Date: 1st November 2010 at 6:33am



ewcastle’s two central defenders Mike Williamson and Fabricio Coloccini are both confident at dealing with balls in the air, but both remain a little slow and on occasion susceptible when the ball is on the ground and they have players running at them.

Whereas the striker turned midfielder Alan Smith couldn’t dominate the area in front of his defence, too often leaving the centre backs exposed and vulnerable, Tiote now more than dominates that area of the pitch, to such an extent that Chris Hughton was even able against Sunderland to move Joey Barton to the right and to play two upfront, without fear of being overun by Jordan Henderson and Lee Cattermole in the middle of the pitch.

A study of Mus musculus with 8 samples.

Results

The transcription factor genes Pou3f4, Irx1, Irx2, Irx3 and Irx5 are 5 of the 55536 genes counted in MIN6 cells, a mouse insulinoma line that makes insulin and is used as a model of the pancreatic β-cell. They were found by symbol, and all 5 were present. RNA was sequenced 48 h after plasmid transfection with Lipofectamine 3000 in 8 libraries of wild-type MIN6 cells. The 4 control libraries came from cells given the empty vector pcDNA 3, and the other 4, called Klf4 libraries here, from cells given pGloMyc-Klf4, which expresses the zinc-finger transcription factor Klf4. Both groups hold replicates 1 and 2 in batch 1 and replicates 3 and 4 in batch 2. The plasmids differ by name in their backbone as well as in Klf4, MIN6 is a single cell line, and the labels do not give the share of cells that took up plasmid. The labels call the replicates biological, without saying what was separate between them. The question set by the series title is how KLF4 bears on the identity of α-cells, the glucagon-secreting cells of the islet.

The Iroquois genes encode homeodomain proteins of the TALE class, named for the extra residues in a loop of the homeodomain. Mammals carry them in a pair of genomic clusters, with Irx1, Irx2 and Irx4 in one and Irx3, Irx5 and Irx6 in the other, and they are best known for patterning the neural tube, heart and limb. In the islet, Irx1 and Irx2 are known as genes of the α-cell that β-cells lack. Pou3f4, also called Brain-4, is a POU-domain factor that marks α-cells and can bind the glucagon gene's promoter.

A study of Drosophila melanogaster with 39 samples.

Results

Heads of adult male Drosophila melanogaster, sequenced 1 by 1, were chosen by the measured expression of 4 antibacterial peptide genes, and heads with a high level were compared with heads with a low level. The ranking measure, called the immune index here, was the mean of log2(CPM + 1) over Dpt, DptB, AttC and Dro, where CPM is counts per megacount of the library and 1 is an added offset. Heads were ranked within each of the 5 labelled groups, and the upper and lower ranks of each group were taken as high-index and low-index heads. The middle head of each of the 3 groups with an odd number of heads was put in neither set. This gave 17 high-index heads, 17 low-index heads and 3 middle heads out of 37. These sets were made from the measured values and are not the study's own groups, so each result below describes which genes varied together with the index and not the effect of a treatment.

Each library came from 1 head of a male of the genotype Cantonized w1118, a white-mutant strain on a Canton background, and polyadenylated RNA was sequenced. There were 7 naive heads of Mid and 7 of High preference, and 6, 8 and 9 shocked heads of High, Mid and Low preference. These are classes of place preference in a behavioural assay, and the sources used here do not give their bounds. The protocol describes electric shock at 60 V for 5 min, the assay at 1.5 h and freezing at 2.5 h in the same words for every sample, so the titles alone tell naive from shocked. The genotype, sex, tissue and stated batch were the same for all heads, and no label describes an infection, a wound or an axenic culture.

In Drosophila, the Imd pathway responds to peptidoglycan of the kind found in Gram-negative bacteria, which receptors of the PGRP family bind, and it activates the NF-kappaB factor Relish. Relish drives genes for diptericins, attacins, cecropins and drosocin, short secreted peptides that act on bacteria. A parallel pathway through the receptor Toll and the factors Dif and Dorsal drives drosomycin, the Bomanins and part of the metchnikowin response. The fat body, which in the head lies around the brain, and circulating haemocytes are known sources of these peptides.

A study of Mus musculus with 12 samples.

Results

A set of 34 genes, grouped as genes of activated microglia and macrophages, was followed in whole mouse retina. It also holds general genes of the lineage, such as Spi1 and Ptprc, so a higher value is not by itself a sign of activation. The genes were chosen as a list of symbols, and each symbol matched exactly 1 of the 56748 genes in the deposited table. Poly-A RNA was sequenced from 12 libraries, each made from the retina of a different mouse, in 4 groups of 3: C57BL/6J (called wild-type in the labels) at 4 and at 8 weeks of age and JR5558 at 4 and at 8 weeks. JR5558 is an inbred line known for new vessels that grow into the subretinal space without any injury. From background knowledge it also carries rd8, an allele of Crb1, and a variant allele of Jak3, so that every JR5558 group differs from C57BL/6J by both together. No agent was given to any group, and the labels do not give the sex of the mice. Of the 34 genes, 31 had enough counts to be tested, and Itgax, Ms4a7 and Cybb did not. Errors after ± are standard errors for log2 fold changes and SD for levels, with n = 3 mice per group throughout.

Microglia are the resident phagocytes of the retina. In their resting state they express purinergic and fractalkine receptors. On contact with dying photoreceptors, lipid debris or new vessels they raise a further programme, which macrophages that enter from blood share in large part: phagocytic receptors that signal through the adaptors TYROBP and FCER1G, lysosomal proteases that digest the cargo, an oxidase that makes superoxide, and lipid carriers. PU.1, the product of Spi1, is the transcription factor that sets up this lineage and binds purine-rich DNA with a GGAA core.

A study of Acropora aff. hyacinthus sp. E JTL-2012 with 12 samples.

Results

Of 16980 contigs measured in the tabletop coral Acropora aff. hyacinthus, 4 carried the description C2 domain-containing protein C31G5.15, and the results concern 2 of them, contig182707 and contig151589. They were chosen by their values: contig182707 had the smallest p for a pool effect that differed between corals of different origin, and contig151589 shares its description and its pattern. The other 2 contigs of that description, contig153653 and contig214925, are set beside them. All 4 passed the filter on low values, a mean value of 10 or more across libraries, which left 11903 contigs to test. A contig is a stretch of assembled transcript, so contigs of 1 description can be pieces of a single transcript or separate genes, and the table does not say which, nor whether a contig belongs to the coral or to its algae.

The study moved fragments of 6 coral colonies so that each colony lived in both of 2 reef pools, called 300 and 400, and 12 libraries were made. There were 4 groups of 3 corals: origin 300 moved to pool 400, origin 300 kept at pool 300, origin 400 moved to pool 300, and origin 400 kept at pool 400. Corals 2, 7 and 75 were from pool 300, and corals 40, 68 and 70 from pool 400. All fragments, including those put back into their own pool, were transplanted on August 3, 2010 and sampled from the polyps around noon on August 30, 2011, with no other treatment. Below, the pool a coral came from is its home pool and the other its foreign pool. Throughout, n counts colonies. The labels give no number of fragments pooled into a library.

Tiote’s old manager at FC Twente, the club Newcastle signed him from for £3.5 million, was former England manager Steve McClaren, who’s words about his former midfielder said back in August now seem to have been proved correct; ‘Now he will be even more suited to Premier League football. He’s a very strong and athletic player. He’s a natural ball winner, and he’ll acclimatise very well to the English game.’

It is a perfect example of a manager choosing to spend a fairly small amount of money which he has at his disposal on a player who is so perfect for his team that the whole team instantly improves vastly. Buys like Cheick Tiote show Hughton’s managerial sense and his awareness in the transfer market, proving that he is more than just a coach or an assistant manager there just to motivate the players, like some fans were saying in criticism when he first became manager.